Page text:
IF BALTIMORE'S drug-treatment efforts are successful, why isn't the estimated number of addicts going down? And why hasn't dramatically increased funding produced more treatment slots?
Questions like these baffle Gov. Parris N. Glendening. He gave Baltimore an additional $8 million toward drug treatment in his latest budget -- even though he recently said through a spokesman that he lacks confidence in the administration of the city's drug treatment programs.
The comments attributed to Mr. Glendening came after Dr. Peter L. Beilenson attacked the governor's failure to fully fund the city's request for $25 million in added state aid.
Health Commissioner Beilenson performed a public service.
For the first time, Mr. Glendening has now been drawn into the drug treatment debate. This is healthy and long overdue.
Last June, The Sun attempted to open a similar public examination of the city's drug treatment effort by publishing two editorials that questioned BSAS's governance and efficiency. Since then, the quasi-governmental agency has undertaken a series of reforms aimed at improving operations.
Despite the changes, state officials remain dissatisfied with BSAS.
Lt. Gov. Kathleen Kennedy Townsend and Public Safety Secretary Stuart O. Simms are among BSAS members. Yet, they have offered no detailed criticism of BSAS to the board.
In interviews, Ms. Townsend and other state officials have said they feel that BSAS is failing in at least two respects: The agency cannot demonstrate its effectiveness because its data are often inconsistent. Its programs also fail to recognize the obvious link between addiction and crime.
The latter point is a key source of friction.
About 60,000 people here use heroin or cocaine. While most addicts are not violent, the merciless drug trade has turned Baltimore into one of the nation's most lethal cities.
Instead of addressing this reality before the BSAS board, though, Ms. Townsend is using her Maryland Drug Treatment Task Force as a vehicle to develop statewide guidelines and policies that could force BSAS to coordinate drug treatment with crime-fighting agencies.
In the meantime, BSAS and Ms. Townsend's task force are moving on separate tracks.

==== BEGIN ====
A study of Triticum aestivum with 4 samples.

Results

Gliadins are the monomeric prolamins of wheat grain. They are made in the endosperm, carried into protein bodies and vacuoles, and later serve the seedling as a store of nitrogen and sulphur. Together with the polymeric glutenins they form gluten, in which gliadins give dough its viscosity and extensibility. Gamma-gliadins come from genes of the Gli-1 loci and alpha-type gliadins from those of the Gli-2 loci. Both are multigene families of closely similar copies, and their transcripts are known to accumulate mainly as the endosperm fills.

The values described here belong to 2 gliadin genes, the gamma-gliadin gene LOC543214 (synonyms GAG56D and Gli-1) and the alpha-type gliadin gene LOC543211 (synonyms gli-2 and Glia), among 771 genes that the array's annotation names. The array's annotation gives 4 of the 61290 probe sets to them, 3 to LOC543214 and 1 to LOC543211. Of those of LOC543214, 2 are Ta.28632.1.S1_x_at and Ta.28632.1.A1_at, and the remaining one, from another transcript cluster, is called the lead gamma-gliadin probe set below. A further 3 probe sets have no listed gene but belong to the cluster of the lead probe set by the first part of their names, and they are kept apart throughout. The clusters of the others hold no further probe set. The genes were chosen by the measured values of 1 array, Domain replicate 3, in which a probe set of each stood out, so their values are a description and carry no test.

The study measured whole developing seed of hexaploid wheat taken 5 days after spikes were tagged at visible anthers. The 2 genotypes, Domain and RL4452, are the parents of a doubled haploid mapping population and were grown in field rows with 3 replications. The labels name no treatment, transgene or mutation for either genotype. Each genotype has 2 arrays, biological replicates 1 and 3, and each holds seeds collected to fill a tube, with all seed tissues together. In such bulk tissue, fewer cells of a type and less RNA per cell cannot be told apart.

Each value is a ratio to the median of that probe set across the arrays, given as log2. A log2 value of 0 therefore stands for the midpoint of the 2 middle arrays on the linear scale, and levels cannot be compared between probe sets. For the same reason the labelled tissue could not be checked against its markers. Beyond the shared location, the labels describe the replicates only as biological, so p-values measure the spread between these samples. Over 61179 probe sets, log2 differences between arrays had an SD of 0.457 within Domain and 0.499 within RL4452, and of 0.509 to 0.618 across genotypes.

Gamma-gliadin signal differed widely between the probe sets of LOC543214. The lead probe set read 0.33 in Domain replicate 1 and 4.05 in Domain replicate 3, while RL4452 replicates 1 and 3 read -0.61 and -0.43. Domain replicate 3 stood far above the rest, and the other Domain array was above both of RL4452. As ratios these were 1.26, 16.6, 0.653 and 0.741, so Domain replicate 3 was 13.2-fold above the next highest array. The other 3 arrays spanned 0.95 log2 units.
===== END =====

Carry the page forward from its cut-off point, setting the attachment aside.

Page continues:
A case in point is BSAS' April 4 draft operating plan. It deals with such issues as providing addicts legal, job and housing counseling as well as an array of health programs. Absent from the draft is any mention of crime intervention or drug-abuse prevention.
Meanwhile, Ms. Townsend is advocating a "Break the Cycle" initiative. Its aim is to reduce crime by giving non-violent offenders an alternative to jail sentences as long as they stay off drugs.
Each approach has its passionate proponents. BSAS supporters say its programs are among the best in the nation; Ms. Townsend regards her initiative as a break-through concept. (The lieutenant governor hopes to get more ammunition for her position through an audit that compares the effectiveness of different treatment programs.)
In reality, both sides are grappling with huge problems. The lack of treatment slots -- as well as an overburdened and understaffed probation agency -- hamper "Break the Cycle" efforts. BSAS, for its part, is overwhelmed by the enormity of the city's drug crisis.
In the end, both state and city officials are trying to find answers to the same problem. This common goal has been lost in the disagreements over strategies and limited resources. It must be reasserted.
Like many other burning social issues in Maryland, the acute drug crisis is primarily a Baltimore City problem. This makes it easy for legislators from other areas to ignore. They do so at their own peril, though, because no area is immune to the curse of addiction.
State and city officials should re-establish mutual trust and unite in providing more treatment slots in programs that work. But such efforts are doomed to failure, unless they can document success. For that, they will need data that are accurate and unambiguous.